ANDC DU/Biology Protocols/DNA Electrophoresis


Paper electrophoresis:

Sample is applied on to the Whatmann filter paper or cellulose acetate paper moistened with the buffer solution. This method is used for separation of low molecular weight compounds such as amino acids, small peptides and nucleotides.

Starch gel electrophoresis

Starch gels are prepared by heating and then cooling a partially hydrolysed starch in an appropriate buffer. The separation is achieved due to the difference in charges as well as size. Isoenzymes can be separated by this method.

Polyacrylamide gel electrophoresis

It is used for the characterization and analysis of proteins ans nucleic acids. Polyacrylamide gel is prepared by polymerization of acrylamide monomers into long chains and cross-linking these bifunctional reagents with bis acrylamide. The pore size of polyacrylamide gels can be varied by changing total concentration of acrylamide and bis acrylamide solutions. The gel with low percentages has larger pore size and is suitable for separation of high molecular compounds and high percentage gel has smaller pore size and is used for separation of relatively low molecular weight compounds.

Agarose Gel Electrophoresis

Agarose gels are more porous and have a larager pore size as compared to polyacrylamide gels and are therefore used to fractionate large macromolecules such nucleic acids. Agarose is a linear polymer of d-galactose and 3,6-annhydro-L-galactose. Agarose gels are cast by boiling agarose in the presence of buffer, the poured into mold and allowed to harden to form matrix. Porosity is determined by the concentration of agarose. Higher the concentration, smaller the pore size and lower the agarose concentration larger the pore size. When electric current is applied across the gel, DNA molecules that are negatively charged at neutral pH migrates towards anode at rate determined by their molecular weights. DNA molecules of the same size but different conformations travel at different rates.


Any charged ion or molecule migrates when placed in an electric field. The rate of migration of a compound depends on its net charge, size, shape and the applied current. The movement of a charged molecule in an electric field is often expressed in terms of electrophoretic mobility µ which is defined as the velocity per unit of electric field. The electrophoretic mobility of a molecule is directly proportional to the charge density. Molecules with different charge/mass ratio migrate under the electric field at different rates and hence get separated. This is the underlying principle for all the electrophretic techniques.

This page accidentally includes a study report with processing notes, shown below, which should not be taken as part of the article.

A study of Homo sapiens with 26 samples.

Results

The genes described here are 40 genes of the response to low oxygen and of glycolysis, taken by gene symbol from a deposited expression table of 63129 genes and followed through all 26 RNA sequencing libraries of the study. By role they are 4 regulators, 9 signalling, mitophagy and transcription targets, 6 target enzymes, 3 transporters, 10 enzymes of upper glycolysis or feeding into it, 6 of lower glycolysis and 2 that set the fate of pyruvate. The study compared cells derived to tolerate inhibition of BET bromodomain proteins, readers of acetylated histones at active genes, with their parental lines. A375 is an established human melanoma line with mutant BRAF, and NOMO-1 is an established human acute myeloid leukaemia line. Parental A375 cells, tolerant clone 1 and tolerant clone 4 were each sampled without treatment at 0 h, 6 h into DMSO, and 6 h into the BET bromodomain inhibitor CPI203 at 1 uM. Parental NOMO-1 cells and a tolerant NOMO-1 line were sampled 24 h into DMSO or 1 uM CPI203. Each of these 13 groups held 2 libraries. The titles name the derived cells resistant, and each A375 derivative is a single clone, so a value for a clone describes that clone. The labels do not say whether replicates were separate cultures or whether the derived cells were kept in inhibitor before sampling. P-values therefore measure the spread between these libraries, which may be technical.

The most convenient and commonly used method to visualise DNA in agarose gels is staining with fluorescent dye ethidium bromide which contains a tricyclic planar group which intercalates between the stacked bases of DNA. Ethidium bromide binds to DNA with little or no sequence preference. Ethidium bromide absorbs the UV radiation and energy is reemitted in red orange region of visible spectrum. Ethidium bromide can be used to detect both double and single stranded DNA.



Tracking Dye

Bromophenol Blue0.25 g

Sucrose70.0 g

0.5M EDTA20 ml

Dissolve the sucrose in 50 ml of distilled water by heating and the add Bromophenol blue and EDTA. Raise the volume to 100ml.

TBE Buffer pH 8.3

Tris 108 g

Borate55 g

EDTA7.4 g

Dissolve the components in 700 ml of distilled water and adjust the pH to 8.3. raise the volume to 1000 ml. sterilize by autoclaving.

Ethidium bromide

Stock: 10 mg/ml in distilled water

Working: 0.5ug/ml in 0.5X TBE buffer.


  • Horizontal electrophoresis apparatus
  • Power pack
  • Transilluminator/UV lamp
  • Gel documentation system
  • Micropipettes


  • Make 1% agarose in 0.5X TBE buffer. Heat the mixture in boiling water bath or microwave until the solution becomes clear.
  • The clean casting mold and place it horizontally on the table and level it using the equilibrium bubble. Position the comb0.5-1.0 mm above the plate so that a a complete well is formed when agarose is added.
  • Pour the warm agarose solution in to the mold. There should not be any air bubble between or under the teeth of the comb.
  • After the gel completely solidifies carefully remove the comb.
  • Pour 0.5X TBE buffer over the cast gel
  • Mix 15ul of DNA sample with 1.5ul of bromophenol blue tracking dye and slowly load the mixture into wells
  • Connect the assembly with power supply and apply the voltage of 80 V.
  • Run the gel until the bromophenol blue dye has traversed 3/4th distance.
  • Turn off the electric current and remove the gel from the gel tank.
  • Stain the gel with ethidium bromide for 20 to 30 minutes.
  • Analyse the gel under UV light.




  • Ethidium bromide should be handled carefully with gloved hands.
  • Do not touch the gel when electric current is ON.
  • Do not look at UV radiations with naked eyes.